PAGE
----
An unusual one plus one blitz plus return out in Warrandyte, after the designers (VEG) and many of the participants expressed a desire at the end of the first day to come back for more! That's just precisely how much fun permablitzes are...
Around 30 people attended part one on May 26. The day was cool but dry and the workers were soon removing their jumpers as they warmed up. Dan and Simon from VEG provided instruction on wicking beds, chook house and strawyard, chook free run fencing and perennial bed as people went to work on the project they were interested in.
Thornbury: A boutique blitz in the Northern suburbs, was an absolute cracker. The host, Sheryl, had quite a bit to say about it all...
As the blitz approached, 25 people had booked in after starting with a limit of 8; it got away from me a bit! Come Sunday though I was able to offer those on the waiting list a spot and most came. Tom Danby offered to help at 7.15am so I asked him to be a facilitator as it was Elias' first blitz!
The morning frost melted as the sun poured over the West Brunswick Food Forest, resulting in a spectacularly sunny winter's day. Volunteers from both the Permablitz network and friends of the Food Forest joined forces in what was a productive and fun day.
The last blitz of Summer heralded the first chill of Autumn – and occasional breaks due to showers! This day down in the South-Eastern suburbs saw a grassy, run-down and neglected alley...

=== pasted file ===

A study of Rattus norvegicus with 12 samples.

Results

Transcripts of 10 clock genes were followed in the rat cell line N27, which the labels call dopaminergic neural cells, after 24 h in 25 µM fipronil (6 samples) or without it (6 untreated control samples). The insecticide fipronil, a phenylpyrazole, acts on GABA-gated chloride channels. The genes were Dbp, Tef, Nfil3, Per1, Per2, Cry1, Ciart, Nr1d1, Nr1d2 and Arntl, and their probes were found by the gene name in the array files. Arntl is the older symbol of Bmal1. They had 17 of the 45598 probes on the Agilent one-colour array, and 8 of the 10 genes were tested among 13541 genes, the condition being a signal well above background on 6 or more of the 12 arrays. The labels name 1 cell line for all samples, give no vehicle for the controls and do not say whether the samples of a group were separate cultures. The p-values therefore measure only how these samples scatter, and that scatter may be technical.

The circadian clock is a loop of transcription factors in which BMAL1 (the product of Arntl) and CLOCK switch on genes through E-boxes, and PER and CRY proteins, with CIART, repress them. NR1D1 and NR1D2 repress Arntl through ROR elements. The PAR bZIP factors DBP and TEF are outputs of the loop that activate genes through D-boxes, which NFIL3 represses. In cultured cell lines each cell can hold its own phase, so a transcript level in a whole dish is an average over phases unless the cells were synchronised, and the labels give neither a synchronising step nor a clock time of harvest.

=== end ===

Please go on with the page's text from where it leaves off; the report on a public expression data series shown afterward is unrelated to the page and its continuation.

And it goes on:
...transformed in to a beautiful and productive garden, with a sunken wicking bed, sinuous pathways and edible plants galore!
Let it be said that there isn't a garden too small to be permablitzed. A small group of helpers descended on Matt and Emma's small garden in North Fitzroy, which had been blitzed just over a year ago and needed a few small tweaks.
This is what Kat, a member of the original design team and revisit blitz facilitator had to say:
Revisiting blitzes to evaluate our designs is an important stage in the learning process for hosts, designers and participants. Matt and Em have had a bumper harvest since our blitz a year ago but there's always adjustments to be made. Their major issue was with the sandy, water repellant soil - an unfortunate result of not-very-crash-hot soil mix delivered for their raised beds. After some careful research we used bentonite clay to improve the water and nutrient-holding capacity of their soil, which should mean an even better harvest with far less watering next Summer.